Day 43: Life or Death Math Problems

I just spent the last five hours with Paul dredging up old algebra skills in an attempt to finally, once and for all, figure out HOW MONEY WORKS.

Okay, that's not the question we were trying to answer.

The question is: How can I know my business is financially healthy?

It shouldn't be hard. There are all kinds of axioms, including "Concern yourself with making your money, spend it later." A business without profits is not a business for long. Etc. etc.

Day 42: Venice Beach

I rode the bus to Venice Beach and back today. It cost me $3.49 ($1.75 each way, minus the penny I found in the parking lot). It arrives every 10 minutes-ish, and gets you pretty much right to the beach in under an hour from where I live. Boom.

I love Venice Beach. Before I moved to a place with an ocean next to it, I imagined my beach time as a serene, isolated experience, which is not so much the Venice experience. I have to admit to myself: I really like the crazy humanity of Venice.

Day 41: To see and be seen.

I'm stuck, right now. I'm not sure what to write about and in some ways, that's the beauty of this particular experiment. I have always been of the "keep the pen/fingers moving" school of free writing, but I confess: When I've done that for too long without sharing, the writing gets really weird and boring. I get bored with myself. I spend a lot of time talking about my problems and then self-soothing--finding a way out of the terror and the sadness and the fear.

Day 40: Business Lessons from Board Gaming

If you're not aware, I'm a pretty avid board gamer. Between Paul & I, we have a collection of about 130 board games, which seems like a lot until you hear about all the ones we've gotten rid of. I spent eleven hours today playing a ten-player board game, which was just....the best. I am a total board game hipster. I regret nothing, except for the fact that I'm not really going to explain any of the games I mention below.

Anyway.

Day 38: They Might Be Giants' Birdhouse in Your Soul, from a choreographer's perspective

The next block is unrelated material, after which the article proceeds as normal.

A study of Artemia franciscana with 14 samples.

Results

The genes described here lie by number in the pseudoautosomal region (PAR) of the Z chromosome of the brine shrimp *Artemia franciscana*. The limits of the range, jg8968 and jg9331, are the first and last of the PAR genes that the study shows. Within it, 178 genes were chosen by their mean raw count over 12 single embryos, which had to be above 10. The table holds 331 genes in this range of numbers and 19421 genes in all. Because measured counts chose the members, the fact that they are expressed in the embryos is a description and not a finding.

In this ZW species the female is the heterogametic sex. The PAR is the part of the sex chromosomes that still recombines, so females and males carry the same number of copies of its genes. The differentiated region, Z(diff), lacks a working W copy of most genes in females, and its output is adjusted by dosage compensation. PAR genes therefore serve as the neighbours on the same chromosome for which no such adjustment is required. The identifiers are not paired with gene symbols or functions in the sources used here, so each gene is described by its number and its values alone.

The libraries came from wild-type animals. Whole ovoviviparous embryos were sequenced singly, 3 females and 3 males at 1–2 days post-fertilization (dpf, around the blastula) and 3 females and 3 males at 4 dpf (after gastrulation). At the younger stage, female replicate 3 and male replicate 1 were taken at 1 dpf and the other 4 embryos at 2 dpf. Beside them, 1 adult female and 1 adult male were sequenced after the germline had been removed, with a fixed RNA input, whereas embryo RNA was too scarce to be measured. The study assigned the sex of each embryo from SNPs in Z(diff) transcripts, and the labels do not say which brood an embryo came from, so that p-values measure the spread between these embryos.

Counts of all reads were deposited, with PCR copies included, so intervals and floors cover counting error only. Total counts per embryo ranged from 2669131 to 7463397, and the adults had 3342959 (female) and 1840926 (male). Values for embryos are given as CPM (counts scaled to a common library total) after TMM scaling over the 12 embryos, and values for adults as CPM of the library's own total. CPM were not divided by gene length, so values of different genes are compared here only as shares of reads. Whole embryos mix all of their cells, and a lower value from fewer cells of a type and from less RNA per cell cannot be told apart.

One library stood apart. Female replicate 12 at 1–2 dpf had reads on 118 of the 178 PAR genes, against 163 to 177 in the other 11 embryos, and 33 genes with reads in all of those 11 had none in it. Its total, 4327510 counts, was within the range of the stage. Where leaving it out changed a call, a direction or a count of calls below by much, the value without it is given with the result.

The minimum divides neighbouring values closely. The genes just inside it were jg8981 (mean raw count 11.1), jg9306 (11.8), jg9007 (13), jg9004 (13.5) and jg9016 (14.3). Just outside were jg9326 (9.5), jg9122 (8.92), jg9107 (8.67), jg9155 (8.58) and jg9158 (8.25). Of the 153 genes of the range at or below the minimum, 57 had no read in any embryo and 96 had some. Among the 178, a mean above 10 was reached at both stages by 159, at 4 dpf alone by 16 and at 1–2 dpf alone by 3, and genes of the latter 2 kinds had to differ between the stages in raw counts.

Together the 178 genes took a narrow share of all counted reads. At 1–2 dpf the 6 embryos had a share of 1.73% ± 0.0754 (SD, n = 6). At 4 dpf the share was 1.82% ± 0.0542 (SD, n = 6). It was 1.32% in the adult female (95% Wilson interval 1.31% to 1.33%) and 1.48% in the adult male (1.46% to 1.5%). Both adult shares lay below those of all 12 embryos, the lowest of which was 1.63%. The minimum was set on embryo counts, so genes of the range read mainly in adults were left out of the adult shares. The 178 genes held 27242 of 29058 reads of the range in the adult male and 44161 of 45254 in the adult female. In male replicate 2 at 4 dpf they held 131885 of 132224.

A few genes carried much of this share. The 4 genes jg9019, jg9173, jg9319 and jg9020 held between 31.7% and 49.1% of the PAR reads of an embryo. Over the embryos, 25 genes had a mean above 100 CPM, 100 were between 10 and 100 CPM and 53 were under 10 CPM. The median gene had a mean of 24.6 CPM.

I've been digging through my email backlog. I've gone from 1100+ emails in my personal inbox to 561 at present. Most of these emails are just things I didn't archive when I should have (thank you for letting me know my bank statement is available). Some of them are emails that should stop arriving (I know where to find my bank statements when I need them, thank you) and some of them are legit emails that I have been ignoring.

Day 36: A new LinkedIn Summary.

It's been a long and winding road, but here we are. This box used to talk about fortune cookies, but I've grown. I've had two jobs since then. I remember writing that at my old day job, during a quiet moment in the day. So, it was at least 4 years old. I grew attached to that fortune cookie summary. People complimented it.

Updating my LinkedIn summary once every four years has not been terribly successful. As new information pours in about who I am, there's bound to be some changes as we go along. I'm assuming an update every single day will do.

Day 35: Litterbug.

Today I picked up four pieces of trash and felt like a basic goddam hero. Four whole pieces! Never mind the 45 or so I walked right past. Los Angeles has something of a litter problem. Twelve-year-old me is jumping up and down with my hand raised, absolutely convinced I can solve this with some community building and impassioned speech giving, but thirty-two-year-old me is in control of the meatsack and has bills to pay. Still, it didn't hurt to pick up a little trash.

Day 34: Work work work work work.

A scene from an episode of Mad Men is stuck in my craw:

Hilton: I think you know I'm in a bit of a crisis tonight.
Draper: I didn't know that.
Hilton: I think about my business day and night. And I'm a harsh critic, especially of myself. And sometimes it collects, and I feel bad. And then I realize maybe that's the reason I'm so lonesome.
Draper: You might be working too much.
Hilton: I'm not working enough.

Day 33: Vanilla.

Hernán Cortés brought both chocolate and vanilla to the Old World, and let me say it up front: Vanilla wins.

The first time I truly loved vanilla was when I was 9 years old, on vacation in Mexico, where I probably got ice cream made with Mexican vanilla, which is so far still my favorite. I have no recollections of any other food from that entire trip, but that ice cream has lingered for over 20 years.